At the end of each summer for the last 14 years, the small Welsh town of Porthcawl has been invaded. Every year its 16,000 population is swamped by up to 35,000 Elvis fans. Many people attending the yearly festival look the same: they slick back their hair, throw on oversized sunglasses and don white flares. At 2017's Elvis festival, impersonators were faced with something different. Police were trialling automated facial recognition technology to track down criminals.
Amazon's facial recognition technology, Rekognition, continues to cause controversy. In documents recently obtained by BuzzFeed News, we now have a behind-the-scenes look at how Orlando police have been using the technology. After the city let the original pilot program expire after public outcry, Orlando started a second pilot program with an "increased" number of face-scanning cameras. Amazon's Rekognition is described broadly as a visual analysis tool. But, deployed by law enforcement, it can scan faces caught on camera and match them against faces in criminal databases.
South Wales police are to have a facial recognition app installed on their phones to identify suspects without having to take them to a police station. The force intends to test the app over the next three months with 50 officers using the technology to confirm the names of people of interest who are stopped on routine patrols. The app will allow officers to run a snapshot of a person through a database of suspects called a watchlist, and find potential matches even if the individual gives false or misleading information. The move is the latest sign that police forces in Britain are eager to embrace the controversial technology which has been criticised for infringing privacy and increasing state powers of surveillance. Liberty, the campaign group, called the announcement "chilling", adding that it was "shameful" that South Wales police had chosen to press ahead with handheld facial recognition systems even as it faced a court challenge over the technology.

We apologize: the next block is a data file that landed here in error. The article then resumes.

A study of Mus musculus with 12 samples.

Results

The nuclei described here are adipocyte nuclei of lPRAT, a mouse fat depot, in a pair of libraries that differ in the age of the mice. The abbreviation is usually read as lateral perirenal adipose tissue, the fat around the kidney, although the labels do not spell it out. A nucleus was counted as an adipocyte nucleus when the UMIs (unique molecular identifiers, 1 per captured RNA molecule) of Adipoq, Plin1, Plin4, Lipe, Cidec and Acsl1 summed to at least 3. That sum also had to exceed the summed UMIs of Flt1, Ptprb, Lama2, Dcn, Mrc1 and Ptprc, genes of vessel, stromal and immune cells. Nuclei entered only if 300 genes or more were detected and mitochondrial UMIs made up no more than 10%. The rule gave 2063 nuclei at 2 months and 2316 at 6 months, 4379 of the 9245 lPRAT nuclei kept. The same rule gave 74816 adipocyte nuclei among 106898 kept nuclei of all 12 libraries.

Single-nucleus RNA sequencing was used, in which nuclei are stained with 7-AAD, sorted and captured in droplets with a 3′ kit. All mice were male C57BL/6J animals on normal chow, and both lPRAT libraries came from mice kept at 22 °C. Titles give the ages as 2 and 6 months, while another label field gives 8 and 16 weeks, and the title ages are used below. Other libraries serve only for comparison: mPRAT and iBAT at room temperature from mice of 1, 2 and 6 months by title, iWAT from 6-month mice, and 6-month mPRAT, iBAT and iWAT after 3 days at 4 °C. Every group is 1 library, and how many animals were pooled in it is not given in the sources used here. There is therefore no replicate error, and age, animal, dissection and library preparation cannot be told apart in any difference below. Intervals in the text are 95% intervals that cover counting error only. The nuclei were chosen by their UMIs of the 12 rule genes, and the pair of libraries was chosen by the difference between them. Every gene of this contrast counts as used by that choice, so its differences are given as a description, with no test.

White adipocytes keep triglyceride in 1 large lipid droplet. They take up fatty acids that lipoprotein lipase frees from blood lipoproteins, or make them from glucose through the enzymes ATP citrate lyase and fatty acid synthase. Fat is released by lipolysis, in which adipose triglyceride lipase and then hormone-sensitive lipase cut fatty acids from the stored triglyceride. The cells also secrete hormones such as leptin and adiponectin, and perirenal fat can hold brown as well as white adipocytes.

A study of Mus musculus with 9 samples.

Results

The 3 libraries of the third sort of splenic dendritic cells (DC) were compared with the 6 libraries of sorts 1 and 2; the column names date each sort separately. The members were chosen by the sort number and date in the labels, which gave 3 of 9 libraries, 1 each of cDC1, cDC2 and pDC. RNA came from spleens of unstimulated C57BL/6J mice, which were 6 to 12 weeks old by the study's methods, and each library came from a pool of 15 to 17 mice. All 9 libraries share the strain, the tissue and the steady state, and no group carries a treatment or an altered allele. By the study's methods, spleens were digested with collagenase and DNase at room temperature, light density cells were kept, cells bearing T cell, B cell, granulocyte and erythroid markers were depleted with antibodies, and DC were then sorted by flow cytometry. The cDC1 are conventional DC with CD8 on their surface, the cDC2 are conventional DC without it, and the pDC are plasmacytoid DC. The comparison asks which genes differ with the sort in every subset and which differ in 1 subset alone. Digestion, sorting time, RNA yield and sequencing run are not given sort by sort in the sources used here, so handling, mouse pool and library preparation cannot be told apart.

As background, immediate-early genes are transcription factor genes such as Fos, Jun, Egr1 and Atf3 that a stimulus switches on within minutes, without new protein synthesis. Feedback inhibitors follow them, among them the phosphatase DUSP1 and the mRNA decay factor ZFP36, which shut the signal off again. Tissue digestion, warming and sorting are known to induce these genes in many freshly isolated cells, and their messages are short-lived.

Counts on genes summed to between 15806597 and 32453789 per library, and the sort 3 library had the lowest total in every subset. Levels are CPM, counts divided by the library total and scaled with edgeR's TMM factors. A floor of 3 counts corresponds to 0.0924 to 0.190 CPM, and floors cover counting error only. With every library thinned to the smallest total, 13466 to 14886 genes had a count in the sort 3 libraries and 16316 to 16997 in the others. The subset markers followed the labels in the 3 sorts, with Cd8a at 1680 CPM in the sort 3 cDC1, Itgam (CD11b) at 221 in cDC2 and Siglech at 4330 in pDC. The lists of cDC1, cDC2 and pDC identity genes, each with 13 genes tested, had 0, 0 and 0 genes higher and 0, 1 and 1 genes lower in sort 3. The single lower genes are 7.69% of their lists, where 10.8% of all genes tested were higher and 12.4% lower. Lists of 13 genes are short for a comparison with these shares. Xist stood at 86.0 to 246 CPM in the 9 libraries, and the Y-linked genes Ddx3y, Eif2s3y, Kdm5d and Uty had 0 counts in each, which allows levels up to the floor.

If you're reading this in the United States, there's a 50 percent chance that a photo of your face is in at least one database used in police facial-recognition systems. Police departments in nearly half of U.S. states can use facial-recognition software to compare surveillance images with databases of ID photos or mugshots. Some departments only use facial-recognition to confirm the identity of a suspect who's been detained; others continuously analyze footage from surveillance cameras to determine exactly who is walking by at any particular moment. Altogether, more than 117 million American adults are subject to face-scanning systems. These findings were published Tuesday in a report from Georgetown Law's Center for Privacy and Technology.